The road not taken: Remembering Moshe Sharett

What we can and should be aware of is that once there was in Israel one prime minister who advocated and believed in restraint, compromise and moderation, and that his road was not taken.

July 13, 2015 22:20
4 minute read.

ISRAEL SOLDIERS on the way to the front line in Sinai in 1956.. (photo credit: REUTERS)

Moshe Sharett, Israel’s first foreign minister (1948-1956) and second prime minister (1954-1955), died twice. He physically left this world 50 years ago on July 7, 1965, but one could say that politically he died much earlier when his formidable rival, prime minister David Ben-Gurion, dismissed him from his Cabinet on June 18, 1956.

Although Sharett had not remained idle since his first, political “death” – in fact, he died while actively and successfully functioning as the chairman of the World Zionist Oganization and the Jewish Agency – he was clearly a man deeply frustrated and depressed throughout his last nine years. It seems he was too strong to calmly accept his abrupt, complete distancing from his life’s calling – standing at the helm of the political front of the Yishuv for 15 years as the head of the Jewish Agency’s political department (1933-1948), and then as the foreign minister of the newly born Jewish state for eight years.


The 20 shekel bill carrying his picture and excerpts of one of his great speeches, the many streets, suburbs and foundations all over the country carrying his name prompt nobody to ask: Who was this man, after all? However, in the main it was not chronology which made a major contribution toward Sharett’s absence from the active national memory, but his staunch “dovish” political line, which he pursued consistently as a foreign and prime minister.

While along the pre-state years at the Jewish Agency executive he and the Agency’s chairman Ben-Gurion successfully cooperated in the common Zionist struggle to achieve Jewish statehood in Palestine, it soon became clear that once the great aim has been achieved, a constantly widening rift has occurred between No. 1 and No. 2 of the state and of the Israeli Labor Party leadership.

While prime minister and defense minister Ben-Gurion, who conducted IDF’s successful fighting in the War of Independence, reasoned that in view of the Arab vengeful feelings and cries for “a second round,” Israel’s Arab neighbors should be time and again reminded of Israel’s military prowess, and consequently favored a policy of harsh military retaliation following Arab terrorist infiltration into Israel, not so foreign minister Sharett.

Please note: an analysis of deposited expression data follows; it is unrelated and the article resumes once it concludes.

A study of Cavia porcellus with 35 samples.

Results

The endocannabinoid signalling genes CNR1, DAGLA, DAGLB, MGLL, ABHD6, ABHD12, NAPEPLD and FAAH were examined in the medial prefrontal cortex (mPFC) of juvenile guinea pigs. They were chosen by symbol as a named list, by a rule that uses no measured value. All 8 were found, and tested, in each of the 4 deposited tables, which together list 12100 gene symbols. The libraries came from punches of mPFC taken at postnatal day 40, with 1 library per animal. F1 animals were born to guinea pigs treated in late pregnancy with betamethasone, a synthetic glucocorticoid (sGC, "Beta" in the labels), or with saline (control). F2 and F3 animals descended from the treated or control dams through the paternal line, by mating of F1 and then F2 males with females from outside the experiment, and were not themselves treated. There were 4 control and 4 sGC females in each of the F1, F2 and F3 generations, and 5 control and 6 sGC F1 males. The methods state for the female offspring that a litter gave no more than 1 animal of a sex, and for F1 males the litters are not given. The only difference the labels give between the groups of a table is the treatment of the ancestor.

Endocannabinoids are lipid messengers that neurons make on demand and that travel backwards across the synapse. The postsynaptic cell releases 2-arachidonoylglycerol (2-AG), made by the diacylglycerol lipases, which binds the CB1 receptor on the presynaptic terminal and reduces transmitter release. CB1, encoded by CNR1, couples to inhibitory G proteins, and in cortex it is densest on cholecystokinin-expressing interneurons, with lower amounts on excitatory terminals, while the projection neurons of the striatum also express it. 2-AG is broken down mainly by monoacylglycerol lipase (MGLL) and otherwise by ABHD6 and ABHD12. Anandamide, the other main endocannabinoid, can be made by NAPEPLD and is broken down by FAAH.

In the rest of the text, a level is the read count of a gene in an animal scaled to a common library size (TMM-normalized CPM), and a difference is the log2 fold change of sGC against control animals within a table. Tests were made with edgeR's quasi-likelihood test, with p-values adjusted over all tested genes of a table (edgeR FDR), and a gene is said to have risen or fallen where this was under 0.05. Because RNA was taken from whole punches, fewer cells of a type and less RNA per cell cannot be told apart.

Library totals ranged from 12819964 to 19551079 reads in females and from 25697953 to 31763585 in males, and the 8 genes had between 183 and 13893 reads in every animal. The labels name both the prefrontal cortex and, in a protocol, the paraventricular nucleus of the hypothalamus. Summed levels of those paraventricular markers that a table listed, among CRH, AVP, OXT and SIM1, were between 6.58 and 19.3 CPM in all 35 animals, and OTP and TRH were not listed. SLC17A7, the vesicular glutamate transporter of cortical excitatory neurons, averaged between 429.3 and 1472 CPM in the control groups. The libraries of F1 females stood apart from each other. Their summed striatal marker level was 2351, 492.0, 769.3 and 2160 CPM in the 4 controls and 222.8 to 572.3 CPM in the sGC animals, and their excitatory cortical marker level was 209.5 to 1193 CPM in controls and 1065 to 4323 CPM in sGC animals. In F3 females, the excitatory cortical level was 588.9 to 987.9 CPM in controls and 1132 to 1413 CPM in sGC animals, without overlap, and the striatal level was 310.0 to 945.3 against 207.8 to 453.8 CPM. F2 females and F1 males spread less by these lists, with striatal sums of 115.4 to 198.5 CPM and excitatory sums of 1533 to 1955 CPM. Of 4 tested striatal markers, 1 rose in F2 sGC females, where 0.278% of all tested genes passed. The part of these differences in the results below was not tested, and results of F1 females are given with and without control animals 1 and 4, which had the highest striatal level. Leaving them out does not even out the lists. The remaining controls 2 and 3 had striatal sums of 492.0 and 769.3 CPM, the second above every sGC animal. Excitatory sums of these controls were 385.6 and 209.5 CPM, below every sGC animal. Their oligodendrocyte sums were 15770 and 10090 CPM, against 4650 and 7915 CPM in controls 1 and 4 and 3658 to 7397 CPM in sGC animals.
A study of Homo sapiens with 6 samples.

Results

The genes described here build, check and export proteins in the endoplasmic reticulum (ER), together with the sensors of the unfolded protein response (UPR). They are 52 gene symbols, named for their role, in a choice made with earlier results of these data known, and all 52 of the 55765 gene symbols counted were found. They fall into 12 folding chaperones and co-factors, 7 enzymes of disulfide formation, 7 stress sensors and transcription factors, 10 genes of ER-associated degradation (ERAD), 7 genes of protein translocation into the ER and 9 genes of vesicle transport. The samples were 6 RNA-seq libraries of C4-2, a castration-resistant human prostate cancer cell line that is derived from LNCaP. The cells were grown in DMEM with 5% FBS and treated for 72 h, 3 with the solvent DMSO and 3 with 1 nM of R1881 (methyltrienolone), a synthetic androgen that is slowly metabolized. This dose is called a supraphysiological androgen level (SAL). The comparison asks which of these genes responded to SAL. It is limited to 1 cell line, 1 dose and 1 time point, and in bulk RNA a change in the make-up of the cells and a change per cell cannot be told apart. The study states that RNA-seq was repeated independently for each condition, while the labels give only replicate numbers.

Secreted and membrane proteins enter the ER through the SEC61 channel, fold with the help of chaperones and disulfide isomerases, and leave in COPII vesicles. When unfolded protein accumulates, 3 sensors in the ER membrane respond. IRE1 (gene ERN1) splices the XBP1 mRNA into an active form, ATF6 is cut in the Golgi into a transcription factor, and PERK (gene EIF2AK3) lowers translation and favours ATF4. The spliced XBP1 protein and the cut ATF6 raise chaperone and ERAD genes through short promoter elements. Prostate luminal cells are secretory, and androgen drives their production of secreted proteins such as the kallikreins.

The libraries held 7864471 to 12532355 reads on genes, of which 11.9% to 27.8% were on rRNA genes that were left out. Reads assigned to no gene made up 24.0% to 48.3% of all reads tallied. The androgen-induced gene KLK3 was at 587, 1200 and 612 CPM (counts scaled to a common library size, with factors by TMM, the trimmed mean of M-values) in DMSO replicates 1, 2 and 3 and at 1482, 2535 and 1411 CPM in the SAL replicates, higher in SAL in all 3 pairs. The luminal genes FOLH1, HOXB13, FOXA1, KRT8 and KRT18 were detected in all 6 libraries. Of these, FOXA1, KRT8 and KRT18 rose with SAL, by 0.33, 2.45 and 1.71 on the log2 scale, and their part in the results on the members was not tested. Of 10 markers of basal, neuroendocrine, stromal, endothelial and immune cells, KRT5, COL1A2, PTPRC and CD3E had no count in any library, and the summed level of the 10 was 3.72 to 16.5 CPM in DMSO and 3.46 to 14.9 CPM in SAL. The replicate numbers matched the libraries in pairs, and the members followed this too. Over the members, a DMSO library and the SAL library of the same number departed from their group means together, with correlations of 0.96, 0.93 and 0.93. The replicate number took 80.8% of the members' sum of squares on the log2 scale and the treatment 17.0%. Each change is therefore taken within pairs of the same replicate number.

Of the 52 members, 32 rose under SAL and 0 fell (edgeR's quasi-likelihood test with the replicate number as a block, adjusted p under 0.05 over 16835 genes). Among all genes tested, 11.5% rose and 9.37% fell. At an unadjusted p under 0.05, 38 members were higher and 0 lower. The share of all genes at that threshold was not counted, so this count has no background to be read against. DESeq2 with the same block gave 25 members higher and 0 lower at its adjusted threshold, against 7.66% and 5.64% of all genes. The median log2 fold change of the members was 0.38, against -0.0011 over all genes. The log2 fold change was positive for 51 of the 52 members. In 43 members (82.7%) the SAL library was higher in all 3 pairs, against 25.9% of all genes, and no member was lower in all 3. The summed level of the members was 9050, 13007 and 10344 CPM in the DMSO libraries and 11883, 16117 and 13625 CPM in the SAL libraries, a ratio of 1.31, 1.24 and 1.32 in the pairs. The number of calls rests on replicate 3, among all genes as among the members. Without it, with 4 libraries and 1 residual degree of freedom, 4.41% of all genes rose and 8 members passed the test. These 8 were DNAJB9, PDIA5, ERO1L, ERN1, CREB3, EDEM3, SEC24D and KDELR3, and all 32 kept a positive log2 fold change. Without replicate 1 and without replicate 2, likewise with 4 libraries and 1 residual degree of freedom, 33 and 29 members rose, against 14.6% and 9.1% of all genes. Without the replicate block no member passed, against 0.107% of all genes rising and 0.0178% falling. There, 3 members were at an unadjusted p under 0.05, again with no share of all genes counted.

SHARETT THOUGHT that for the time being, Arab cries for a second round were irrelevant, for it would take them several years to rebuild their armies. Israel, he reasoned, should use these years for toning down Arab intransigence; any military blow dealt by the IDF to an Arab neighbor cannot but revive and deepen animosity, thus if Israel indeed sought peace, it should endeavor to lower the flames of hatred and vengeance, not intensify them. “Can Israel live by the sword forever?” he asked.

The Sharett-Ben-Gurion controversy was not conducted between equal forces, for the whole Israeli military establishment, headed by charismatic chief of staff Moshe Dayan, stood firmly behind the defense minister. Dayan, too, for his part, favored a second round – but an Israeli one. He reasoned that the War of Independence had really not ended and that Isral’s borders – the “green line” – were absurd and untenable. What’s more, in view of the Egyptian-Czech/Soviet arms deal of 1955, an Israeli second round, or “preventive war,” had become inevitable.

That Dayan succeeded in convincing Ben-Gurion to accept his prognosis and plans is well documented. Obviously, it sealed Sharett’s ouster from the political arena, for – and this too is well documented – Sharett succeeded more than once to convince the majority of Cabinet ministers to vote down Ben-Gurion’s and Dayan’s proposals for mounting military operations against an Arab country (the most famous case was Sharett’s success in toppling Ben-Gurion’s proposal to occupy the Gaza Strip in March 1955.) If a preventive war were to be mounted, what if, when brought to the Cabinet for approval, Sharett succeeded in negating it? Sharett had to go.

Israel’s first preventive war – firmly opposed by Sharett – was ultimately and successfully mounted in October 1956 – the Sinai Campaign. Sharett considered himself one of its casualties. Advocates of the 1956 preventive war correctly point to quite a number of its political, military and economic gains. They somehow tend to ignore the series Israel’s future wars, which perhaps were initiated by the first “war of choice” of 1956.

History’s dictionary lacks the small, useful word “if.” It is impossible to know what kind of Israel we would have today if Sharett’s anti-escalationist logic, not Ben-Gurion and Dayan’s escalationist doctrine, had the upper hand in the ‘50s.

What we can and should be aware of is that once there was in Israel one prime minister who advocated and believed in restraint, compromise and moderation, and that his road was not taken.

The author is the son of the former prime minister.